The European Parliament’s Economic and Monetary Affairs Committee (ECON) has issued a questionnaire on MiFID II ahead of its first meeting to discuss the new legislation, which has been confirmed for 5 December.
The questionnaire was issued by Markus Ferber MEP, the rapporteur responsible for the ECON committee’s review of MiFID. The deadline for responses is 13 January 2012.
The questionnaire looks at all aspects of the European Commission’s proposed changes to MiFID, including its scope, organisation of markets and trading, investor protection and transparency.
It asks for opinions on whether the organised trading facility (OTF) – a new classification of trading venue introduced by MiFID II to capture broker crossing networks (BCNs) and new markets that are set to emerge for OTC derivatives – is appropriately defined. The paper also asks whether the OTF category will result in the channelling of OTC equity trades on to organised venues.
The ECON committee’s review of the EC’s proposed text is likely intensify the debate on how dark trading is regulated.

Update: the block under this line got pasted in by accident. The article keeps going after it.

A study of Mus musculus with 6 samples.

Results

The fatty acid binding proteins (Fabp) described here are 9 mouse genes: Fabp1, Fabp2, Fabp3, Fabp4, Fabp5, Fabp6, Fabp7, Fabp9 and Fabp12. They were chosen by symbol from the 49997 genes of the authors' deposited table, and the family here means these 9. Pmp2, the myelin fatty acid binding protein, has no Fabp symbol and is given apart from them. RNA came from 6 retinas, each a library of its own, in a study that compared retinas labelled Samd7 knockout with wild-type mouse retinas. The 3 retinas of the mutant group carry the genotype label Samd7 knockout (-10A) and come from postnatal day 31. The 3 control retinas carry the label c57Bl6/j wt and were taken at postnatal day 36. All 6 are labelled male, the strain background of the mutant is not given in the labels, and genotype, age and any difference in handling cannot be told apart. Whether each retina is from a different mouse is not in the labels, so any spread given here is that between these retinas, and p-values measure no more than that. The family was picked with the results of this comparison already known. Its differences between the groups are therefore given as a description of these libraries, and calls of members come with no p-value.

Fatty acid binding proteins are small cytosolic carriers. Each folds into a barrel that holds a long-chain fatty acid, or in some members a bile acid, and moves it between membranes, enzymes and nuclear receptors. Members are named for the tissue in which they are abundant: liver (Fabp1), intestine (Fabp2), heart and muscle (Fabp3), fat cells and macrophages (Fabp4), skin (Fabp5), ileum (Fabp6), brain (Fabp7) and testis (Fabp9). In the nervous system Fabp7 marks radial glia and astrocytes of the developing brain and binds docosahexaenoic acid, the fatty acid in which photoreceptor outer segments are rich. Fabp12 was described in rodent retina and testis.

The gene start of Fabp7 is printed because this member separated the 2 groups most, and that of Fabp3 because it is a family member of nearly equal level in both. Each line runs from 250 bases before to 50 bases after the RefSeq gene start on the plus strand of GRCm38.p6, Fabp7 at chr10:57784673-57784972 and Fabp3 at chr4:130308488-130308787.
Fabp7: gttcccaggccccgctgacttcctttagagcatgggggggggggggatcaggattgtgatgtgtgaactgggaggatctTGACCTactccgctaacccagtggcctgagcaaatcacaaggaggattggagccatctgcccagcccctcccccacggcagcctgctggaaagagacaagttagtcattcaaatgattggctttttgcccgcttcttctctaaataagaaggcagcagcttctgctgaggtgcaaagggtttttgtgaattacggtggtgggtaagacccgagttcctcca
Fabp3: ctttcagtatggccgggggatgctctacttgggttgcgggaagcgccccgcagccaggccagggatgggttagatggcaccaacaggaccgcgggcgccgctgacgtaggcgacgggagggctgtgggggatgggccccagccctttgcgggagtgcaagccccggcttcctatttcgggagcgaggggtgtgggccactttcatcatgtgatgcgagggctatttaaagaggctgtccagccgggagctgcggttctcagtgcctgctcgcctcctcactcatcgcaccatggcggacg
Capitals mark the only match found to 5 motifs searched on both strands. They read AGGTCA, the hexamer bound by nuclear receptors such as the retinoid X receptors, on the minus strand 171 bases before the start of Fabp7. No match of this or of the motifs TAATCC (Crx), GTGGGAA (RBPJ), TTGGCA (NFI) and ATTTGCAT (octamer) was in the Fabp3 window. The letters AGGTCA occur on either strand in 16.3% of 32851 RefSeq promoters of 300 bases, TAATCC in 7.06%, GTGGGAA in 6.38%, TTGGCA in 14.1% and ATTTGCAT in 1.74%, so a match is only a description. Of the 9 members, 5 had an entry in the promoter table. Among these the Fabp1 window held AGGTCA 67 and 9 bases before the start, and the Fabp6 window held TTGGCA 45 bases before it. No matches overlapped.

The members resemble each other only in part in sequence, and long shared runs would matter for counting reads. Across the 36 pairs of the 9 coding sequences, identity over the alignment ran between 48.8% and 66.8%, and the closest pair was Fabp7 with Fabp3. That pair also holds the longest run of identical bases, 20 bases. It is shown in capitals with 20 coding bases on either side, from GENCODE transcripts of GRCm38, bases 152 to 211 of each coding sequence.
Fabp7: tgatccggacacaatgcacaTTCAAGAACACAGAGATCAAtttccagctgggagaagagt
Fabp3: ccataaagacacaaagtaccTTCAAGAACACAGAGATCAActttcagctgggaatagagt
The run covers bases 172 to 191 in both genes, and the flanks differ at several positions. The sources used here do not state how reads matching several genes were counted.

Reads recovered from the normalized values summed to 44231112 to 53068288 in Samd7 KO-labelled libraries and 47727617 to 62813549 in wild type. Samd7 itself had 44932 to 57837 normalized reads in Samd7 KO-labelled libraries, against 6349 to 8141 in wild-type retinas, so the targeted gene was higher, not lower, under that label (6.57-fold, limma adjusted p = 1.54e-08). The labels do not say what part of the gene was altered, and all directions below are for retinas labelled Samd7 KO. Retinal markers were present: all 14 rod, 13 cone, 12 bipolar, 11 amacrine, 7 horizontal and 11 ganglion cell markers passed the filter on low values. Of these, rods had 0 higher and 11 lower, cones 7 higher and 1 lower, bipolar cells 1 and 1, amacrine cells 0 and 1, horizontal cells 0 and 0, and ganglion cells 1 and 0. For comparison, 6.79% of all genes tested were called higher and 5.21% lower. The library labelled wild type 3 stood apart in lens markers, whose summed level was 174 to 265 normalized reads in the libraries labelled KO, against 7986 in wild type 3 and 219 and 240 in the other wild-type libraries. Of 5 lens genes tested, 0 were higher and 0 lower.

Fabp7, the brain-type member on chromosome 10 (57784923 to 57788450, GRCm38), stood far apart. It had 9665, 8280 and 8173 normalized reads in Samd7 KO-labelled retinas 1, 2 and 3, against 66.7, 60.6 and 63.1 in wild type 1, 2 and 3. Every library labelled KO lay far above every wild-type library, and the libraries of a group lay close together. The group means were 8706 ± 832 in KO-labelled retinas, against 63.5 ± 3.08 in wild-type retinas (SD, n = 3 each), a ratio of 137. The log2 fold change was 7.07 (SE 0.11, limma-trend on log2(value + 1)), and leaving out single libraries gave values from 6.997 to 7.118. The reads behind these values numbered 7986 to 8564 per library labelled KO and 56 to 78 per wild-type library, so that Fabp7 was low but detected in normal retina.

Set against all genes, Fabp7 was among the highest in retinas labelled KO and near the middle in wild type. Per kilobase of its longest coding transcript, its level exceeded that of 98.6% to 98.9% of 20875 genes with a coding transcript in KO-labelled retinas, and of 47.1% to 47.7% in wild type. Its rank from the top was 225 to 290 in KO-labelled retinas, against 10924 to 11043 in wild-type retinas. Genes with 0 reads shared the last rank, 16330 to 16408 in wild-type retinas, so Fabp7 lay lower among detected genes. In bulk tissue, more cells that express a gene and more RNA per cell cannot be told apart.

Speaking to theTRADEnews.com earlier this year, Ferber stressed the need for the MiFID review to target “unregulated dark trading”, referring to the fact that many BCNs are not classified under MiFID and are therefore not subject to the same rules as regulated markets and multilateral trading facilities. However, he also cast doubt on the merits of a new trading venue category, stating that this would “only create new loopholes”.
Fellow MEP Kay Swinburne also stressed the need to bring more trading on exchange in an own-initiative paper she published in November last year.
Once ECON has tabled its amendments to the MiFID II proposals presented by the European Commission in October, the Council of the European Union will then conduct its own reading of the text.
ECON and the Council of the European Union will then have to agree a final version of the directive with input from the European Commission in a series of trialogue discussions. The new version of MiFID II is expected to come into force during 2013.